Pending the US debt ceiling deal, concerns about the pace of the Chinese economic rebound coupled with uncertainty regarding the Federal Reserve's rate outlook, limited the global risk appetite this week.
The dollar Index jumped above the 104 level in line with rising US treasury yields as the debt ceiling impasse continued even as the economic and monetary policy outlook remained uncertain. US 2- and 10-year treasury yields breached the 4.5 percent and 3.8 percent marks, respectively, for the first time since March.
US Fed to hit pause?
The greenback benefited from safe-haven buying after Fitch Ratings warned it may downgrade the US’ AAA credit rating as a resolution to raise or suspend the debt limit is still pending.
FOMC May meeting minutes hinted policymakers leaning towards a pause in June but they are not keen on halting rate hikes, considering the still stubborn inflation and a resilient labor market.
Besides, Euro slipped to $1.0707 as Europe’s largest economy Germany entered a technical recession by contracting 0.3 percent in the first quarter of 2023 following a decline of 0.5 percent in the last quarter of 2022, as energy price shock led to a 1.2 percent decline in final consumption expenditure.
Red-hot inflation and higher interest rates across the region have weighed on consumption, while prospects of more rate hikes have sparked fear of prolonged economic weakness in Europe.
Bullion on a slippery slope
COMEX gold slipped to a two-month low of $1,936 per troy ounce and is headed for a third weekly loss, as higher treasury yields outweigh haven bids owing to the US debt crisis.
A stronger dollar, despite a serious threat of a catastrophic default as soon as June 1, added to the weakness. Silver, too, extended losses this week in line with the sharp decline in both gold and industrial metals. However, investment demand saw only modest outflows in both SPDR and iShares holdings.
Losses in base metals deepened this week on uncertainty over a decisive recovery in China, the US debt ceiling impasse and hawkish comments from Fed officials. LME copper slipped to a six-month low, while zinc plunged to its lowest in three years, hit by a sharp increase in stocks at the LME warehouses in Singapore.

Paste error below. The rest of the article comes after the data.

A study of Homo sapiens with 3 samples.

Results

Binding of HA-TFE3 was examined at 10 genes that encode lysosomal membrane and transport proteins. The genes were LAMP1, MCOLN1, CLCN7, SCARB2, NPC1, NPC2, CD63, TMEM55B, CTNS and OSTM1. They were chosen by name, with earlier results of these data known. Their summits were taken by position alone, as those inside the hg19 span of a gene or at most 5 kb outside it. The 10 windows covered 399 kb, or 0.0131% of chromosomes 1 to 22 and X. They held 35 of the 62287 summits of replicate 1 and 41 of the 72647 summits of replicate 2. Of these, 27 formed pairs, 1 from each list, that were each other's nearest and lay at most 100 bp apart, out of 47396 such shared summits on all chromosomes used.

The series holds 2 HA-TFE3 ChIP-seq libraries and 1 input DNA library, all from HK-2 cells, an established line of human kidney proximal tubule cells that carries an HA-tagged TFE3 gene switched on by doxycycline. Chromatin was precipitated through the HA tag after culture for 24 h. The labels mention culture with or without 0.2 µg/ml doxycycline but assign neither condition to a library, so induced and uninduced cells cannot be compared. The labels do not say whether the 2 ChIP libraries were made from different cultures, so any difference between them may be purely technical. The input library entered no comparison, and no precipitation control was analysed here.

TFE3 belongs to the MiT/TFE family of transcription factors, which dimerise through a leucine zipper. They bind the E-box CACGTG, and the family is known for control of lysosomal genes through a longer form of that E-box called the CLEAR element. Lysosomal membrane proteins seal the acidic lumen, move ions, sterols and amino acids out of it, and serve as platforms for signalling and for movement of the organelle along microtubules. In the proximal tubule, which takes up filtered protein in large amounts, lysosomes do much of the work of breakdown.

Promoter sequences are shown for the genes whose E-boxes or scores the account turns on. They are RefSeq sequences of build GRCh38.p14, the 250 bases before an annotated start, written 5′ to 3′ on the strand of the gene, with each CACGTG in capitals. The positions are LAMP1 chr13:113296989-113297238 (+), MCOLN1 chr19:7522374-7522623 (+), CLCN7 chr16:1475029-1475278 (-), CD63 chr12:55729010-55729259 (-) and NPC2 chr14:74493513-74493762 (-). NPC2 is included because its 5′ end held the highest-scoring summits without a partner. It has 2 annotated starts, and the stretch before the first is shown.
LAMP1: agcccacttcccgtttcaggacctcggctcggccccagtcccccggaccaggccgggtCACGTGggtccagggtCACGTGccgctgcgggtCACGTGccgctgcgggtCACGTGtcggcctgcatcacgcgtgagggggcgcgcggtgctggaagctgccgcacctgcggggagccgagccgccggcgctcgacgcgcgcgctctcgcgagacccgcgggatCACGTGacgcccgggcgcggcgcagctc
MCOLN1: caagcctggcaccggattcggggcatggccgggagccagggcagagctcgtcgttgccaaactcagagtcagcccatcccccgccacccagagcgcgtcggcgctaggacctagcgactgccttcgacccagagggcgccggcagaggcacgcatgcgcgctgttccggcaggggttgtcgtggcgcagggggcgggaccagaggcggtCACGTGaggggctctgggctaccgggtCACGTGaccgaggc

On the other hand, a warning by the Saudi energy minister to short sellers and a bullish inventory report boosted oil prices to a three-week high, though gains were capped as Russian deputy prime minister Alexander Novak dismissed bets of further OPEC+ production cuts at its meeting next week.
Now, markets look forward to the release of the US Core Personal Consumption Expenditure (PCE), which is expected to remain unchanged at 0.3 percent month on month and 4.3 percent year on year in April 2023. If the figures come in unexpectedly high, it may prompt the Fed to keep interest rates higher for longer and lead to more upside in the dollar, keeping commodities lower. Strong US economic data has boosted bets of another 25 basis points (bps) rate hike in June.
One basis point is one-hundredth of a percentage point.
The main focus though will continue to be on the debt deal talks. House Speaker Kevin McCarthy told reporters that the two sides made some progress on May 25 and would continue to negotiate through the long weekend to reach an agreement to raise the government's $31.4 trillion debt ceiling.
Next week, commodities are in for a sluggish start as the US, the UK and EU markets are closed on May 29. US labour report, which is expected to show some weakness, may lead to repricing of interest rate expectations and weigh on dollar.